I could have sworn the caller in darkness was an older monster, but all my Google-fu reveals is that it dates back to 3.0’s Psionics Handbook, or possibly Dark Sun’s City by the Silt Sea. In all of these sources, a caller in darkness is made of dozens or even hundreds of souls who died in terror.
Pathfinder’s caller in darkness is a more run-of-the-mill undead, made from only a single soul (“a creature with psychic sensibility that died a violent death” says Bestiary 5). One important detail is the same, though: The caller in darkness eats minds, and by extension souls. So even a single caller in darkness is soon an amalgamation of many stolen minds, all trapped within the terrible swirling undead form. Facing such a creature is enough to make you despair…and if you don’t, the caller is happy to help you with its Wrap in Despair supernatural ability.
So between its nasty attacks (I don't want to face anything incorporeal that does 6d6 plus Wisdom damage on a simple melee attack), the usual hooks associated with intelligent undead (particularly ones with access to the minds of their victims), a tradition of mass deaths in their lore, and a killer name, there’s a lot for a GM to work with here.
Musty tomes mention that a rare artifact, a cloak of living skin with magical and perhaps even psychic properties, is guarded by “a caller in that dark place.” The adventurers’ researcher, a sage who specializes in subterranean races, thinks the passage may refer to a dark caller, a caste of dark folk of whom he has heard only rumors. The adventurers have no reason to doubt his surmise, as his advice for dealing with dark creepers and dark stalkers proved invaluable on a recent adventure. But translation is a tricky art, and the passage actually refers to a caller in darkness—an undead entity far more dangerous than even the priests of the dark folk.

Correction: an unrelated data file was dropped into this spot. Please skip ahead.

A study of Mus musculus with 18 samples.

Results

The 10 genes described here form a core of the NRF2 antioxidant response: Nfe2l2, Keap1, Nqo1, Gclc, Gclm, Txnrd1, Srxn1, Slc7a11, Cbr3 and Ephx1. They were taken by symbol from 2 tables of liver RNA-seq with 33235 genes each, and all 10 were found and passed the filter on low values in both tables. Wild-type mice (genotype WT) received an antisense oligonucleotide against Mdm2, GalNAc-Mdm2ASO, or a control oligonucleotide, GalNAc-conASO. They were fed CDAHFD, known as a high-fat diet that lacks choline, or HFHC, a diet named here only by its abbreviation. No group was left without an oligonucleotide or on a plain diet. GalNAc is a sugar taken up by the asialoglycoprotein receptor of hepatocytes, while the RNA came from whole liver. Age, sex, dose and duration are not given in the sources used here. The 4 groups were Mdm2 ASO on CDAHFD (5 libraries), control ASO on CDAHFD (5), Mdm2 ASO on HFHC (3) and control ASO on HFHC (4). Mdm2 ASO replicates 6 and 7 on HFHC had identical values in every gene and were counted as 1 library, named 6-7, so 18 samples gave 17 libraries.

Fifty years ago an unnatural sandstorm brought the desert to Tolemar…and with it, a plague of locusts and mindless mummies. Over time the sands have receded, but the abandoned city is still dangerous. Nor are mummies the only undead threat. The trauma of the initial sandstorm and the plagues that followed created a caller in darkness. The creature uses its ability to cause an aversion to keep interlopers away from Tolemar’s central acropolis. A magical spring there could restore water and drive away the taint of undeath from the city, were it to be unplugged.
In organized crime families, loyalty is everything. But criminal family ties often wind up ensnaring the members in ways they never expect. When one of the Miko sons tried to outmuscle a strange vishkanya, the golden-skinned man obliterated him without a thought—or rather, he obliterated the Miko boy with a thought, an excruciating psychic flensing. The trauma was so great that the young Miko’s consciousness persisted as a caller in darkness, which in its confusion fled back to the family home and soon consumed the minds of the rest of the clan. But absorbing so many members with such close ties and similar mindsets has had an odd effect on the psychic undead. Much of the time the caller in darkness is still a mind-consuming horror, but its lucid periods are frequent enough that it has managed to continue the Miko family’s vile schemes by passing orders on to (or just plain terrorizing) the right subordinates in a macabre parody of the clan’s usual business dealings.
—Pathfinder Bestiary 5 48
Trying to use this blizzard to catch up on some of my backlog. Hooray!